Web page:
A gala evening featuring many famous crime writers. I am there. When chatting to some of my heroes I say self-deprecatingly ‘No, no: I don’t write crime fiction. I’m just a blogger and a fan.’ And then I remember and add ‘Oh but I am actually a nominee at the awards tonight.’
And, yes, there I was.
King of the crime experts Curtis Evans, proprietor of the Passing Tramp website, put together the book Murder in the Closet a year or so ago, featuring essays on gay themes in pre-Stonewall crime fiction. I contributed a piece on one of my favourite crime books, Miss Pym Disposes by Josephine Tey. Earlier this year the book was nominated for an Edgar award - these are organized by the Mystery Writers of America, and I am just crassly going to tell any of you who don’t know that they are highly prestigious, like a cross between the Oscars and the Booker Prize for crime books. We were nominated in the Best Critical/Biographical category.
This was a particularly well-deserved shoutout for Curt, who works tirelessly to raise the profile of detective fiction, rediscovers lost masterpieces, writes articles, and essays, and introductions to re-issues. When he mentioned an award ceremony and banquet in New York, I realized that I
And it was the best decision ever: going to the Edgars is going to be the highlight of my 2018…
Only a handful of the contributors were able to make it, but I feel we represented all of them, and it was a particular joy for me to spend the evening with two people whom I know well online but had never met IRL: Curt, and John Norris of Pretty Sinister Books. (I was surprised to find John looked nothing like his avatar, but then I don’t look like mine either…)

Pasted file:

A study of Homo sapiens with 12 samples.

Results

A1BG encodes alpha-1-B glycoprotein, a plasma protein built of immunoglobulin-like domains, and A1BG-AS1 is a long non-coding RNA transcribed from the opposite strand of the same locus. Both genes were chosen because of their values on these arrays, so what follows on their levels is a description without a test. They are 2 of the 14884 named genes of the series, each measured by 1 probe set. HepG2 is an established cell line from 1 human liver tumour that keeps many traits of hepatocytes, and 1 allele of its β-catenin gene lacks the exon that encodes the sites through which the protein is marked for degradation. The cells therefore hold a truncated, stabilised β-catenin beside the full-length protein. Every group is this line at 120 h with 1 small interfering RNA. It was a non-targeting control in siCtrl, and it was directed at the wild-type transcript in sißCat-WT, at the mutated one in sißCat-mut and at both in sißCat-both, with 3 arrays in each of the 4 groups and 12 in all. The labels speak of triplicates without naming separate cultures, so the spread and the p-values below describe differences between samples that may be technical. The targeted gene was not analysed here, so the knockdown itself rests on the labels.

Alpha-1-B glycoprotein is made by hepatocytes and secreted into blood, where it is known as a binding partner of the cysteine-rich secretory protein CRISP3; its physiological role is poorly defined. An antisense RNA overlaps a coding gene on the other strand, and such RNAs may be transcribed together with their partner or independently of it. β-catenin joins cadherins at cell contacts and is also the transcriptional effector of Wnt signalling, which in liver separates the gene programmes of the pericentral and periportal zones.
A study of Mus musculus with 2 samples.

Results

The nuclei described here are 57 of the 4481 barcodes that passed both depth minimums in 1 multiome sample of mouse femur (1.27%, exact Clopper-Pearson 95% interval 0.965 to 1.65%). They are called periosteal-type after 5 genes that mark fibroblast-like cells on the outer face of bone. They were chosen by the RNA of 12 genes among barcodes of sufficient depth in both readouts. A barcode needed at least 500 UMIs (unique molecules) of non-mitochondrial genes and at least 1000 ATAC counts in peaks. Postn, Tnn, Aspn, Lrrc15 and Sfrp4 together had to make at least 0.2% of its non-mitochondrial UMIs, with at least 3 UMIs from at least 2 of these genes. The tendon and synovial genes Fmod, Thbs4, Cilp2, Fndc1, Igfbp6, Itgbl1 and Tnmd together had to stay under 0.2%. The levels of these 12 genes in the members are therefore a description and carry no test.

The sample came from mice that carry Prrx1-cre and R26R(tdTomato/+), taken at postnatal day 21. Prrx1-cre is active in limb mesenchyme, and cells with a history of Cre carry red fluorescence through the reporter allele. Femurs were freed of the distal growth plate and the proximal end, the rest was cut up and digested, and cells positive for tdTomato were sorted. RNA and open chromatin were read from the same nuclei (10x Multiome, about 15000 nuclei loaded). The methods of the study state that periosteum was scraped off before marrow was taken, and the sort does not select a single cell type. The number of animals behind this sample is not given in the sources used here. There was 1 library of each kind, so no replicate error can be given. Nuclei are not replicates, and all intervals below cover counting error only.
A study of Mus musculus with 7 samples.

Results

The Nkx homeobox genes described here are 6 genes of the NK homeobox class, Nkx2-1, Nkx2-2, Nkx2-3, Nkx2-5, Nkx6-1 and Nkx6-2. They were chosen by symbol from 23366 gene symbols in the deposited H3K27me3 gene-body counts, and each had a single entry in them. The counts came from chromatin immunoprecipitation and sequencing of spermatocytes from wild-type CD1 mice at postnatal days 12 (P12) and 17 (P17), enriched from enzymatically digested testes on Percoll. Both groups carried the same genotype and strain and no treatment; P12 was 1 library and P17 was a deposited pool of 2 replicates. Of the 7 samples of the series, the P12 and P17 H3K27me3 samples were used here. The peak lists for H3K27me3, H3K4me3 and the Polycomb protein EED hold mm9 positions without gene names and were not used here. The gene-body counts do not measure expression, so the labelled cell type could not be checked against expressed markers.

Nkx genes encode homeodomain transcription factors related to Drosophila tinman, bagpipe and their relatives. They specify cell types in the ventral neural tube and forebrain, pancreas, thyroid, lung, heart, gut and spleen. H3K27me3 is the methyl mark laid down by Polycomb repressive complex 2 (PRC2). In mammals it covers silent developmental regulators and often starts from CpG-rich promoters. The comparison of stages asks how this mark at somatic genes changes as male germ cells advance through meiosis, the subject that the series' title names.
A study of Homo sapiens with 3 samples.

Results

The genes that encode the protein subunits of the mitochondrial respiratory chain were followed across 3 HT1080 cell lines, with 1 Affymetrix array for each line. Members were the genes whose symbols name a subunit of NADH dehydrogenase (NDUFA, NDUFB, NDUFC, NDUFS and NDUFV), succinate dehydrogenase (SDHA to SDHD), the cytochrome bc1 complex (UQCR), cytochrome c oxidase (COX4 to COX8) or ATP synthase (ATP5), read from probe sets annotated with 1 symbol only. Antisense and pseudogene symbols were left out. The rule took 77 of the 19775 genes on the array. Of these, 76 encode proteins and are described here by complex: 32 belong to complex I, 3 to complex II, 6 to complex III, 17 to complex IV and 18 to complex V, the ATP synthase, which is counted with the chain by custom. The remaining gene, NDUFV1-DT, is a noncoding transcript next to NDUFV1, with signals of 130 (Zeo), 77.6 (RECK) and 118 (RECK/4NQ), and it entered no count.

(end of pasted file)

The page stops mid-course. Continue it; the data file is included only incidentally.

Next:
John, Curt, me, and our book
The room was filled with wonderful writers and legendary crime fiction figures, and I shamelessly managed to at least speak to many of them (‘Hello. Love your books.’ ‘Thanks!’). I even got invited to an important after-awards party – I didn’t GO, but it was nice to be asked. Everyone was very friendly, and the atmosphere was a delight – friendly and non-competitive and encouraging, despite the nature of an awards ceremony.
We didn’t win our category: the award went to a biography of ground-breaking crime author Chester B Himes, which I’m sure deserved it: it didn’t feel like losing, and made no difference to the delights of the evening. And again I would like to stress how splendid it was that Curt got some of the recognition he deserves.
Edgar Allan Poe rendered in chocolate
Among the attendees: Peter Lovesey, William Link (who invented both Columbo and Jessica Fletcher), Otto Penzler, Michael Connolly, Mary Higgins, Jeffrey Deaver, Attica Locke, (who won the overall best crime novel), Charles Todd.
I would have liked to meet Lawrence Block, whose books I love, but couldn’t quite bring myself to approach him.
****ADDED LATER: and Lawrence Block himself came visiting to this blogpost, and commented, see below... ****
After the Edgars he tweeted this:
Well, he is just blasé (he has won A LOT of Edgars), for me it could’ve gone on all night…. I was lucky enough to see My Fair Lady the next night, and I totally saw Eliza Doolittle’s point: I could've danced all night. (Metaphorically of course, crime writers not up for dancing very much.)Lawrence Block @LawrenceBlock 2 hours agoA fine time at MWA’s Edgars dinner. But one recalls Samuel Johnson’s observation on Milton’s Paradise Lost: “No one ever wished it longer.”
And now we all just need to write more books and get nominated so we get to go again.